The past edition of Classical Singer Magazine (basically the only publication created solely for assisting Classical Singers through the tumultuous lives we lead) featured an article on why we sing. 4 singers at various stages in their development- from high school to semi-professional- explained why they love this seemingly impossible career choice. The young, bright-eyed, bushy-tailed high school singers spoke of their passion for the art, their enjoyment of the spotlight, and how singing allows them to be something that they are not. The older singers focused more on their contentment with the art form. They may not have made it big in the business, but they were able to justify all of the massive monetary expenses that singing cost them because singing is an integral part of their lives. To breathe is to sing. To sing is to breathe.
As I stand at a crossroads in my vocal career, I have to ask myself the same question. My schooling is complete…. at least for now. I have worked 6 long, difficult years to achieve my degrees, but now what? I am balancing 4 different jobs in addition to my practicing, auditioning, and performing; yet, I am still not financially stable. I’m spending half of the hours in my workday doing unpaid singing work…. and sometimes I’m actually paying to get the chance to do this singing work. In school, I did not need to evaluate the time I spent practicing because it was my homework, but now I have to practice on my own time. I feel like I should stand by a freeway on-ramp holding a cardboard sign reading “Will Work to Sing.”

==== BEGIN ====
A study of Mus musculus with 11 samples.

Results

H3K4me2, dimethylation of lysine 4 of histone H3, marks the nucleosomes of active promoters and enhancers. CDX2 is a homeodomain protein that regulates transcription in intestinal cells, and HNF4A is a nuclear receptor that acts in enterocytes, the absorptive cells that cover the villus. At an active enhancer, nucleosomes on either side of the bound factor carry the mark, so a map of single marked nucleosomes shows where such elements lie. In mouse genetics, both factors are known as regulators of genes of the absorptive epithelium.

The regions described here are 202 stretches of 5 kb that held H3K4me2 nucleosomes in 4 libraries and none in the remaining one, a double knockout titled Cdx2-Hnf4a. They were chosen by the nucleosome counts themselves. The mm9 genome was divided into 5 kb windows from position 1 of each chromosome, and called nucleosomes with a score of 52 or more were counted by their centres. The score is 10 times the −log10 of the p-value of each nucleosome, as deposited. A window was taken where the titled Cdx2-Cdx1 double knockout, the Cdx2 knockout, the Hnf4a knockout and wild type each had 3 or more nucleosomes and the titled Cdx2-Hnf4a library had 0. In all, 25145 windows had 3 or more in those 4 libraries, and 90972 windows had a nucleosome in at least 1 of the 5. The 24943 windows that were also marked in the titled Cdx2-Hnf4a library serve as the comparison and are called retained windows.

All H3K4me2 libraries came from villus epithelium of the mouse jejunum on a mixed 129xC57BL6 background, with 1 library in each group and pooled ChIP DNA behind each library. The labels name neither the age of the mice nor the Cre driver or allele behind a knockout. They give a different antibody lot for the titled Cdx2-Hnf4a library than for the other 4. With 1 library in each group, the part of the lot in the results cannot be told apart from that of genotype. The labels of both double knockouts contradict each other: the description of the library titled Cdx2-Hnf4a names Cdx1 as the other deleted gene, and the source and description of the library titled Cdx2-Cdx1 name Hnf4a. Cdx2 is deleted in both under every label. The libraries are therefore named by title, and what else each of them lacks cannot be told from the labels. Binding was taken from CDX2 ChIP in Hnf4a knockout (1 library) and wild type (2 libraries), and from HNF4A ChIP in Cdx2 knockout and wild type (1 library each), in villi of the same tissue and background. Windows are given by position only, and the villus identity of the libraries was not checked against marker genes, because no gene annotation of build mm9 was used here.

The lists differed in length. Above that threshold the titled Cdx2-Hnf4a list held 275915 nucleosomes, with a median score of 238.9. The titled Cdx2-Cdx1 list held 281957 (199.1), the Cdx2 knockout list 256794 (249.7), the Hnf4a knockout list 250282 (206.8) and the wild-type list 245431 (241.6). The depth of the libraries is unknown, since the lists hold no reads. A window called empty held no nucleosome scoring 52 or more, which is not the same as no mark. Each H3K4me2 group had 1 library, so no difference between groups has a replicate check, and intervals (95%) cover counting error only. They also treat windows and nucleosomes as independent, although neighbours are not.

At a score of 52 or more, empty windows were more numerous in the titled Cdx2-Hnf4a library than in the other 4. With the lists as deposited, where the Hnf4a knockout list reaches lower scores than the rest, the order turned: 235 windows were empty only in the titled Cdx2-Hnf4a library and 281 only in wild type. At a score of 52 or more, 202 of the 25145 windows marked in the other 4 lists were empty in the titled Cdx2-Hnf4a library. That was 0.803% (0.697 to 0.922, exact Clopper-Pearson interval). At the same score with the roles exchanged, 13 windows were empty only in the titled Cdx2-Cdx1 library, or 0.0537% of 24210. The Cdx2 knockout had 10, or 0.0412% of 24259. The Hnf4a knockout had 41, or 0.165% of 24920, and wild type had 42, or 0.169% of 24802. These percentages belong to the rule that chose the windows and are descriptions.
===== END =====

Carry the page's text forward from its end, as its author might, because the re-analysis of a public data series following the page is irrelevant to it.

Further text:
So, why do I sing? I sing because I can not imagine my life without music. I believe I was 9 months old when I uttered my first melody and I’ve been humming ever since. A look at my old elementary school report card shows that I was a great, attentive student, but that I had a penchant for humming in class…. without realizing it. My foot is constantly tapping out a beat in time with the music rushing through my head: I call it my inner jukebox. Since I can remember, it has been my dream to be a performer–Be it tap dancing at the front of my mother’s flower shop, on the stage with the local acting troupe, or at the Metropolitan Opera House. When I get depressed, happy, tiresome, exhausted, excited, silly, or any extreme of emotion, I turn to music to bring me back to homeostasis. Music keeps me centered. Music keeps me grounded. Music clears my mind and gives me a vacation, albeit a brief one, from real life. If I look back at all the major events in my life, I realize that they all revolve around music and performing.
Why do I sing? Because it is who I am and who I’ve always been. And I will take all the part-time, labor-intensive jobs I need to so that I can keep singing in my life.